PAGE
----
What are my rights as a Homeowner in an HOA or COA?

The first step to understanding your rights in an association is to review your association's "governing documents." Governing documents include the declaration of covenants, conditions, and restrictions (commonly known as CC&Rs), articles of incorporation, bylaws, and rules of the association. Under law, homeowner associations are allowed to exercise the authority described in their governing documents. Homeowner rights vary by HOA/COA depending on what is in the HOA's/COA's governing documents.

All HOAs and COAs are required to register with the Department of Commerce. You can search to see if your association is registered here. For associations that are registered, you can find important information about the association including the names and contact information for the HOA's/COA's leadership. These individuals have access to your governing documents and must share them with you upon request. Utah Code §§ 57-8a-227(1)(a)(ii), 57-8-17(1)(a)(ii). You can also check with your local county recorder's office to obtain a copy of the CC&Rs and bylaws.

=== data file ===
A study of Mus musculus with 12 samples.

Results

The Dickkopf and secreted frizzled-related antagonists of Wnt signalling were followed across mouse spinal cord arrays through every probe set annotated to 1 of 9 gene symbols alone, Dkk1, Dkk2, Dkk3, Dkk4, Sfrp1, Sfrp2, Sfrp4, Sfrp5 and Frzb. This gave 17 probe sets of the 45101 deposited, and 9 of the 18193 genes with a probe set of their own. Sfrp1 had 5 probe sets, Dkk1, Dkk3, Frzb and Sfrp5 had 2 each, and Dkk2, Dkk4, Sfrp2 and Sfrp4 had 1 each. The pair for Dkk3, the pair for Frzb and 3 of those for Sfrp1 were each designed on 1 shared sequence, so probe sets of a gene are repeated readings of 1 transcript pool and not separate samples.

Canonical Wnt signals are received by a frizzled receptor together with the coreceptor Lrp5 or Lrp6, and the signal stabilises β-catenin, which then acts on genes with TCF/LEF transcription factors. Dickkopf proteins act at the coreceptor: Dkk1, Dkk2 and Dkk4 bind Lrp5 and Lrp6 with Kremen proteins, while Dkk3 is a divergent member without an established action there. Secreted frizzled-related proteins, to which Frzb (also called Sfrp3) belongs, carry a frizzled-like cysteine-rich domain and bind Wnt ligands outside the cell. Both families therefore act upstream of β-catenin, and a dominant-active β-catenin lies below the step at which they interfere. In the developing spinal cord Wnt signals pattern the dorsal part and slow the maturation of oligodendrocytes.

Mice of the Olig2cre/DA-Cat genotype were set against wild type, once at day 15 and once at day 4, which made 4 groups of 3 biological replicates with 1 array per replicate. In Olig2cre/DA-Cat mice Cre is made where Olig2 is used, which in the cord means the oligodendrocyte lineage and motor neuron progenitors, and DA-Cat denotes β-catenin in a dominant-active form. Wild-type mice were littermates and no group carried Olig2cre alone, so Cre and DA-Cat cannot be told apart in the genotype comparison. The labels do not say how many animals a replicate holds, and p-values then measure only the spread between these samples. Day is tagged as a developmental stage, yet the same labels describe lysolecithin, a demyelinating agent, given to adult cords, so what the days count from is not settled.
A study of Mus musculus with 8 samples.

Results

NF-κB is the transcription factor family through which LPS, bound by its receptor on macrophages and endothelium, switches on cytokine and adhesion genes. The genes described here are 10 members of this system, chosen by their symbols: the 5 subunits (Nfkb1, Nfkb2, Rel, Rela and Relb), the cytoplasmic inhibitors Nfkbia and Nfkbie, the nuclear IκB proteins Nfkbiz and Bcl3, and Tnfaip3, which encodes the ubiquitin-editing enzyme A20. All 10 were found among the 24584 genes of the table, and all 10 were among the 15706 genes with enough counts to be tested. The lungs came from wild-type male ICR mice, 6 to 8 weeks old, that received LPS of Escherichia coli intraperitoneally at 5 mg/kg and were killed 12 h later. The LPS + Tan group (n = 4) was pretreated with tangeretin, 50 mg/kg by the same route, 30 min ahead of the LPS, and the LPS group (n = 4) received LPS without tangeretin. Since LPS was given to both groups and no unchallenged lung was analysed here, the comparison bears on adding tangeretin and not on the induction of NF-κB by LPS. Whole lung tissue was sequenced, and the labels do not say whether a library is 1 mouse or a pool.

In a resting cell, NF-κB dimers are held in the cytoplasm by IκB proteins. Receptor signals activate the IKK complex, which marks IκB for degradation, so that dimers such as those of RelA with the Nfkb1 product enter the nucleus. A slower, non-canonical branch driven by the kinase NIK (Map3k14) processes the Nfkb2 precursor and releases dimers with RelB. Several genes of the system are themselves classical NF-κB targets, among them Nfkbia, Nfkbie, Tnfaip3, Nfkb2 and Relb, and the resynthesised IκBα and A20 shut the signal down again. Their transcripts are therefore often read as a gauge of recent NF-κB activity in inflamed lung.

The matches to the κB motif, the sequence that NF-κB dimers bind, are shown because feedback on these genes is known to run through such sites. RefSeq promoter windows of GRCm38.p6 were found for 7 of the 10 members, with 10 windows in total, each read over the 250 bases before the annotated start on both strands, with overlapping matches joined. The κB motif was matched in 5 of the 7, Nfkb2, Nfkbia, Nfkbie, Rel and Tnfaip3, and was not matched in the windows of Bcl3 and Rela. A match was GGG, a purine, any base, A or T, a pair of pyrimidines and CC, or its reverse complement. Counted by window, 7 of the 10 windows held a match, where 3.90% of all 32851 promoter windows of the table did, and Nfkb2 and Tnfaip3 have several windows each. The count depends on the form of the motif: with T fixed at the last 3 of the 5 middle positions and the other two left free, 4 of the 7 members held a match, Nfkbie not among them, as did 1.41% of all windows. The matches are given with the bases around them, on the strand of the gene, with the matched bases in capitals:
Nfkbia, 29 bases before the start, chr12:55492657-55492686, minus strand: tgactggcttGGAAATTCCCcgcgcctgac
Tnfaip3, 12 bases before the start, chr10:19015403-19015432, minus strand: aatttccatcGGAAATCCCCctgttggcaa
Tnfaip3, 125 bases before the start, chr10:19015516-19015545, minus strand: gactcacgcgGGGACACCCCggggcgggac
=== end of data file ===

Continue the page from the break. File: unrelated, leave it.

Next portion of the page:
In addition to rights provided under your governing documents, you have rights under state law under either the Condominium Act or the Community Association Act, depending on if you live in a COA or any other type of association (HOA). Most of these rights are common to HOAs and COAs, though some additional rights exist that are specific to COAs and HOAs. Some of a property owner's general rights include:

Owner's Rights after an Allegation of Violating Association Rules or Provisions

Disputes sometimes arise between unit owners and association management over whether a fine should be assessed for an alleged violation of the association's rules or provisions. Rights are provided to unit owners by state law in Utah Code §§ 57-8a-208 (HOAs) and 57-8-37 (COAs). A summary of these rights is below:

This section is meant as a summary and may not provide all rights that may apply under all laws in your situation. The Department of Commerce cannot assist you with specific questions on any given case, and you should consider obtaining legal counsel from a licensed attorney if you are in a dispute with your COA/HOA.